Health leaders are being urged to make policy changes to safeguard the mental health of unpaid carers as new evidence reveals the negative effects of taking on the role – including those who do so at a young age. The research is featured in a new Parliamentary report which also highlights an ‘urgent need’ for cross-government action to improve the life chances of younger carers. In this blog, Rebecca Lacey and colleagues from a research project on informal caregiving describe evidence which highlights the need for reform.
We have known for some time that unpaid carers suffer worse mental and physical health than their peers – but how quickly is health affected after becoming a carer? How long do these effects last? And does this vary according to age, gender or the amount of care that carers provide?
Our new research highlights a need for carers to be supported, and quickly, to avoid a decline in their own health and wellbeing – and it suggests younger caregivers should not be overlooked.
The questions are pressing ones: as the UK population has aged and the cost of living has risen, unpaid care has become increasingly important. Across the globe there is a similar pattern, with the United Nations estimating that these carers meet between three quarters and nine tenths of care needs.
We looked at the experiences of more than 17,000 caregivers using data from the UK Household Longitudinal Study, which has been following a representative sample of UK households since 2009. Our study focused on those who became caregivers between 2009 and 2020 and was the first to look at health changes around that transition in adults as young as 16.
Respondents answered questions from the General Health Questionnaire (GHQ-12), which measures psychological distress, and the 12-item Short Form Survey (SF-12) which measures physical and mental functioning. We looked at their responses in the eight years before and after they became caregivers, and we compared them with similar respondents who had not become carers.
We looked at four life stages: early adulthood (16-29), early mid-adulthood (30-49), later mid-adulthood (50-64) and later mid-adulthood (65+). We found there were more women than men who became carers in every group, but we did not find a connection between gender and the impact of caring on health. Nor did we find any negative effect on physical health from becoming a carer – though the physical health of carers was poorer than that of non-carers even before the transition.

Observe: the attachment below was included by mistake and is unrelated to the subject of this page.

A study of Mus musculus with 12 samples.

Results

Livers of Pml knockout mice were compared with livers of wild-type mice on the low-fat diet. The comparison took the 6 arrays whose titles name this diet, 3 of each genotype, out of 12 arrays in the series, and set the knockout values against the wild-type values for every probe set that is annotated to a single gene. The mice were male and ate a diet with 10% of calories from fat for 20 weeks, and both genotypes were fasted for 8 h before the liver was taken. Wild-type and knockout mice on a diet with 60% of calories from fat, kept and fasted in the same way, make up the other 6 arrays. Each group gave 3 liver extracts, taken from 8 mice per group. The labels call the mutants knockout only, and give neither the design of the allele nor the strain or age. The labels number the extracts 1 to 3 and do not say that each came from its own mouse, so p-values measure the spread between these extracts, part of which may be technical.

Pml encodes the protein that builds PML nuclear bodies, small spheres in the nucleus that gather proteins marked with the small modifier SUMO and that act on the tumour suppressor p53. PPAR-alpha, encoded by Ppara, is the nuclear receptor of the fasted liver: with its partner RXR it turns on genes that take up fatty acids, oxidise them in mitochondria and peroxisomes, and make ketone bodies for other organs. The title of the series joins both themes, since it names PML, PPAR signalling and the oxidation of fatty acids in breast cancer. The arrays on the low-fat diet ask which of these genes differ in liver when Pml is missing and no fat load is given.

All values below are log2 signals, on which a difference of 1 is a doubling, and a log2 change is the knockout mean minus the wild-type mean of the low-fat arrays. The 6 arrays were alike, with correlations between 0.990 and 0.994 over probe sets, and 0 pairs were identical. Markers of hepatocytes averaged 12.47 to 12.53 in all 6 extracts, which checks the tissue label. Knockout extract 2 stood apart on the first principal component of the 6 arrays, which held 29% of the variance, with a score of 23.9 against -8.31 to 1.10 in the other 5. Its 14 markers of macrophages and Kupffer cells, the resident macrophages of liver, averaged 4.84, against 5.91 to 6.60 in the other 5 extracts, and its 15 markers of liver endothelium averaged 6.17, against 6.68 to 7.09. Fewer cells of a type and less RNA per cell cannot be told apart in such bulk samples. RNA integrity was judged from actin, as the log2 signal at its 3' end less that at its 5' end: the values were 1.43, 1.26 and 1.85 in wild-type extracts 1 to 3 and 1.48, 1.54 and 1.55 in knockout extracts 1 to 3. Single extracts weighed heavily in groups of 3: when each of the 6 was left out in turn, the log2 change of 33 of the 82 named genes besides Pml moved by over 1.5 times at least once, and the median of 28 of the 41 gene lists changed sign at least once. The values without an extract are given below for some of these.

However, we did find the amount of care given was paramount– those carers providing more than 20 hours’ care per week suffered greater psychological distress than those providing less, and in those aged over 30 the effect persisted for several years. The location in which the care was delivered mattered, too, with those caring for someone they were living with being more at risk of distress than those caring elsewhere.
Age mattered, too: compared to non-caregivers, carers aged under 65 years had greater increases in psychological distress when becoming carers than the over-65s did. Carers aged 30-49 and 50-64 had the largest decrease in mental health function.
The changes are modest, but they unequivocally warrant the need for early identification and intervention to protect the declining mental health of people when becoming caregivers. And we must not forget the young: it’s more unusual to become a carer at a young age, and young adults may simultaneously be completing education, finding jobs, forming partnerships or becoming parents, but our study also finds that the mental health of younger carers is affected when they become carers. Furthermore, most younger carers are looking after their own parents, so coming to terms with role reversal may also be a factor for them.
Our research is featured in the landmark report of an inquiry into the life chances of young and young adult carers by the All-Party Parliamentary Group (APPG) for Young Carers and Young Adult Carers, which underlines the need for urgent action. The inquiry noted our finding that mental health deteriorates shortly after becoming a young adult carer, and that this effect includes younger carers. It inquiry found there were around 15,000 children caring for more than 50 hours a week, and it heard from the Carers’ Trust that 44 per cent of young and young adult carers ‘always’ or ‘usually’ felt stressed because of their caring role, while 27 per cent said they felt they had enough sleep ‘never’ or ‘not often.’
Our research, along with the APPG’s report, underlines an urgent need for policymakers to grasp these issues and to facilitate change in the health sector. Health practitioners need to recognise that both caregivers and the people they care for need their support. They need to have conversations about the physical and mental health of both caregivers and care recipients. This is crucial to help break the cycle of care, especially as we know that caregivers are currently more likely to require care themselves in the future.
We know there are at least 376,000 young adults providing unpaid care in the United Kingdom. They deserve the same life opportunities as their peers, and our study confirms that mental health is a key factor in determining whether they get them.
Mental and physical health changes around transitions into unpaid caregiving: a longitudinal, propensity score analysis, by Rebecca E Lacey, Baowen Xue, Georgio Di Gessa, Wentian Lu and Anne McMunn, is published in The Lancet Public Health. Dr Lacey is lead author and Reader in Social and Lifecourse Epidemiology in the Population Health Research Institute at St George’s, University of London, and her co-authors are affiliated with the Research Department of Epidemiology and Public Health at University College London.
The study was supported by funding from the UK Economic and Social Research Council (ES/W001454/1).